THURSDAY, Oct. 8 (HealthDay News) -- The cost of giving boys the human papillomavirus (HPV) vaccine would outweigh any health benefit, researchers say.
Last month, a U.S. Food and Drug Administration panel recommended expanding use of the Gardasil vaccine to males aged 9 to 26 to protect them from genital warts, but the cost effectiveness of such a program was unclear at the time.
But researchers from the Harvard School of Public Health conducted such an analysis comparing a girls-only vaccination program with a co-ed vaccination program. Currently, Gardasil is approved for girls aged 9 and over to protect them from cervical cancer.
"This study found that while vaccine coverage and efficacy are high in girls, including boys in an HPV vaccination program generally exceeds what the U.S. typically considers good value for money," said lead researcher Jane Kim, an assistant professor of health decision science.
The report is published in the Oct. 9 online edition of the British Medical Journal.
Vaccination was considered a good value if cost-effectiveness ratios ranged from $50,000 to $100,000 per quality-adjusted life year, meaning the cost of the vaccine vs. the number of added years someone would gain by getting the vaccine.
Assuming 75 percent coverage and lifelong protection, the researchers found routine vaccination of 12-year-old girls was a good value at less than $50,000 per quality-adjusted life year. However, adding preadolescent boys increased the cost-effectiveness ratio to more than $100,000 per quality-adjusted life year. The researchers considered treatment for conditions caused by HPV, including anogenital and oral cancers, genital warts, and juvenile-onset recurrent respiratory papillomatosis.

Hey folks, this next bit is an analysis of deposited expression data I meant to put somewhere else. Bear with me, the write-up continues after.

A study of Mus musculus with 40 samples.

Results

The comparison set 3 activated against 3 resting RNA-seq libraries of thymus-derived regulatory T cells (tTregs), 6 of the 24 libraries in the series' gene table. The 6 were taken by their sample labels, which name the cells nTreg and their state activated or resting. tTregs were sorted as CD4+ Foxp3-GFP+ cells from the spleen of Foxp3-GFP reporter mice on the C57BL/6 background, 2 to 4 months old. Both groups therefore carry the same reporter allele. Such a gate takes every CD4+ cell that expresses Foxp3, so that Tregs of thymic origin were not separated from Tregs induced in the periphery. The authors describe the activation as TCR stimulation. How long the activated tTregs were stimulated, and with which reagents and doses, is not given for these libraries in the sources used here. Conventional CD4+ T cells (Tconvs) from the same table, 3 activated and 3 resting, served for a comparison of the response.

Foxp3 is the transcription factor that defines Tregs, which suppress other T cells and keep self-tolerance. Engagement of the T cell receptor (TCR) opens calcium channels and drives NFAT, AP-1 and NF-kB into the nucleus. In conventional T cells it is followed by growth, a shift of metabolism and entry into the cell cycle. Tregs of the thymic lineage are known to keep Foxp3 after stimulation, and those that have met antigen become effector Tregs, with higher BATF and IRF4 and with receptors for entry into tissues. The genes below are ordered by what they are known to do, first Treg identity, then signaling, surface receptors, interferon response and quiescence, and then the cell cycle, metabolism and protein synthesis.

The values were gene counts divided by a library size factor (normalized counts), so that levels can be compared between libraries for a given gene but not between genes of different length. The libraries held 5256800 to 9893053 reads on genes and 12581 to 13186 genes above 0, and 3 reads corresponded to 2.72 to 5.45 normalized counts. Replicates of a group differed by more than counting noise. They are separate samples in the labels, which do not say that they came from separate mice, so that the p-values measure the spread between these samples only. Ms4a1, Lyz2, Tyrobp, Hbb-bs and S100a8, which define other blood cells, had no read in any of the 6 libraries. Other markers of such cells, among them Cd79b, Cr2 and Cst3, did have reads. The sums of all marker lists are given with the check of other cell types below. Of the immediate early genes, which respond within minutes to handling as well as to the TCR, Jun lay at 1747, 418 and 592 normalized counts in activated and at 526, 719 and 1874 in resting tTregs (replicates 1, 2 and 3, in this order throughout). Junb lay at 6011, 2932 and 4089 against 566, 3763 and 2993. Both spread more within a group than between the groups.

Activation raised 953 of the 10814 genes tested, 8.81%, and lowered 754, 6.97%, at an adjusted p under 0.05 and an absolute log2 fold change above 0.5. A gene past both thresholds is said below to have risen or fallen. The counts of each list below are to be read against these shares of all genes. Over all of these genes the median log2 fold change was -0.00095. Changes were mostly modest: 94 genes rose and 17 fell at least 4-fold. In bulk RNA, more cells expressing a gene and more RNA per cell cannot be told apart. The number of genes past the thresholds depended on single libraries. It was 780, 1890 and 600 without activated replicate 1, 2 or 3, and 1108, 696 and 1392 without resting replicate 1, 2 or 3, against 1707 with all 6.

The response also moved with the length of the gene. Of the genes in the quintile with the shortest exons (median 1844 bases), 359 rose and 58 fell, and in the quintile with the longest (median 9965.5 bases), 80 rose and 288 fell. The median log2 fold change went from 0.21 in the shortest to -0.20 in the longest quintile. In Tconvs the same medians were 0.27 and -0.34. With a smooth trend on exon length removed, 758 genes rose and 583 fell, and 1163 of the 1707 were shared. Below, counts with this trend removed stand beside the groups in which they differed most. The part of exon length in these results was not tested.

"Only under optimistic assumptions of high, lifelong vaccine efficacy against all HPV-related health conditions, or lower vaccine efficacy accompanied by lower coverage or vaccine costs, did vaccinating both girls and boys fall below $100,000 per quality-adjusted life year," Kim said.
Philip E. Castle, an investigator in the division of cancer epidemiology and genetics at the U.S. National Cancer Institute and co-author of an accompanying journal editorial, agreed it is more cost effective to vaccinate just girls, rather than girls and boys.
Scientific reasons do exist to vaccinate boys, Castle said. "And from a social standpoint, people want gender equality, and those are fine things, but it is not a great investment to do that."
Debbie Saslow, director of breast and gynecologic cancer at the American Cancer Society, also agreed with the findings.
"If we can vaccinate a high enough proportion of young girls, then vaccinating boys is not cost-effective," she said.
Other experts disagreed.
Anna R. Giuliano, chair of the department of cancer epidemiology and genetics at the H. Lee Moffitt Cancer Center and Research Institute in Tampa, Fla., said more data is needed to decide the issue appropriately.
"Some of the assumptions in the study, such as low HPV attributable risk for male cancers, and the very optimistic scenario of 75 percent vaccine dissemination in both females and males in the U.S. may have led to the relatively unfavorable cost estimates provided for male vaccination in this publication," she said.